McHENRY – Despite potential First Amendment issues, the McHenry City Council unanimously has approved a new peddling and solicitation ordinance.
Under the new ordinance, only organizations and companies located in McHenry’s city limits or that have chapters in the city can go door-to-door, although a preference for city-based businesses was lifted in the peddling license process.
The changes also exempt organizations sponsored by Districts 15 and 156, Boy Scouts and Girl Scouts from the ordinance’s requirements.
By treating some entities different than others, the city could find its ordinance challenged, City Attorney David McArdle said, adding that any ordinance that tries to regulate this type of activity could face a challenge.
McArdle pointed the council’s Community and Development Committee to a case in which a Downers Grove ordinance was declared unconstitutional because it regulated commercial and noncommercial solicitation differently, according to council documents.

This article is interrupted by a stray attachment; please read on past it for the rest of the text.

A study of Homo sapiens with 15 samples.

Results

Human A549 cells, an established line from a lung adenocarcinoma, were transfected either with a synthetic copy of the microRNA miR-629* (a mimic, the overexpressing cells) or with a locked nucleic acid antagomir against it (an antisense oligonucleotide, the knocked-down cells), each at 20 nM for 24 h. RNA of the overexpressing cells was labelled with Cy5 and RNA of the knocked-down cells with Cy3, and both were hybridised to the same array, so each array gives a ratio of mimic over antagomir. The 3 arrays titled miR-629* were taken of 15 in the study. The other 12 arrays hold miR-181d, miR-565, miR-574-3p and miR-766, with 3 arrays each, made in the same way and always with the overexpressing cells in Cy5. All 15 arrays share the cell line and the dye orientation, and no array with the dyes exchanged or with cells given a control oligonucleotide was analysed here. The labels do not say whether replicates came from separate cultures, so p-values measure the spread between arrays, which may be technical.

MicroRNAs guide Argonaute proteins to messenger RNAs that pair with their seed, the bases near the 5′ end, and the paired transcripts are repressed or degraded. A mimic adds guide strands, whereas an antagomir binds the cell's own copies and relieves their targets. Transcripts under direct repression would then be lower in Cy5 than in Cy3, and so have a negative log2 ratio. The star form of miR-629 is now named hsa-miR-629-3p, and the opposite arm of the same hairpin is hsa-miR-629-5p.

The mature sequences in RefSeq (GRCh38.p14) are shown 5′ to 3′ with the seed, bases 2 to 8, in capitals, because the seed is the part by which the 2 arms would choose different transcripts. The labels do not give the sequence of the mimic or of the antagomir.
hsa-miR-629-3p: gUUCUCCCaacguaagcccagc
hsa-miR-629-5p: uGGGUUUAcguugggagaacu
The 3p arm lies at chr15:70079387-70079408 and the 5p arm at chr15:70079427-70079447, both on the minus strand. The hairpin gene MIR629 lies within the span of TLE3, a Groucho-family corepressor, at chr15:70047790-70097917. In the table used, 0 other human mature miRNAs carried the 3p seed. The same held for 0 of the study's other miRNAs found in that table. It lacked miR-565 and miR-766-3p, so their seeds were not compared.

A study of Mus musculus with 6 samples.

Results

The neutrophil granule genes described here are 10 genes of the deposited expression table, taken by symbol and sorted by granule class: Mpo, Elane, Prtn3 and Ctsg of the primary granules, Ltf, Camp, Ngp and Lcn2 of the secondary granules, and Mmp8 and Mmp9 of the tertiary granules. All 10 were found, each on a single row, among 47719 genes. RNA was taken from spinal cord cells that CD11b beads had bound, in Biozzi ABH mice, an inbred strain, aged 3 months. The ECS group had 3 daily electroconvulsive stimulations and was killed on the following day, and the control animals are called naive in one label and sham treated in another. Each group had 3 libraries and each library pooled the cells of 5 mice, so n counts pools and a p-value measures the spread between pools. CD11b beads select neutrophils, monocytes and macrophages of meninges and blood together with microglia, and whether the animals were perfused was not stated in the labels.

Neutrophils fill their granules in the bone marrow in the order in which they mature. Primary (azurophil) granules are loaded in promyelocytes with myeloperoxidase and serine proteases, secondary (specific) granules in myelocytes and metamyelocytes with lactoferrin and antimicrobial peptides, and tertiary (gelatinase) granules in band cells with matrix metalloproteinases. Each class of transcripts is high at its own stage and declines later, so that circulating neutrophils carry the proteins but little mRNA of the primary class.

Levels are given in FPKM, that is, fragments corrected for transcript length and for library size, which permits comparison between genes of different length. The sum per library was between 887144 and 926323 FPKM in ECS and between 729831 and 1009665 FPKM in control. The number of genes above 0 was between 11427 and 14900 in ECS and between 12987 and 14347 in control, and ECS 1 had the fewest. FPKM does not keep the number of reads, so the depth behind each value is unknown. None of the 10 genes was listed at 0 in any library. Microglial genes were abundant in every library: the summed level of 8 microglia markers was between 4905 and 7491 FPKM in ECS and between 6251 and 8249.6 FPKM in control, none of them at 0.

Ordinances, however, are assumed valid until deemed invalid by the courts, the documents said.
The Community and Development Committee decided to keep the amendments and revise the ordinance if necessary.
The ordinance also eliminates citywide peddling, limiting it to designated places along the Riverwalk, and increases the peddling license fee to $250 from $100 and the additional per-person fee to $50 from $5.
Peddling will also be allowed for an extra two hours, until 11 p.m., on the weekends. Solicitation in public places will also be extended to 9 p.m. from 7 p.m.
The hours solicitation is allowed in residential areas will be cut an hour, shortening the time period to 6 p.m., though the ban on holiday and Sunday solicitation was lifted.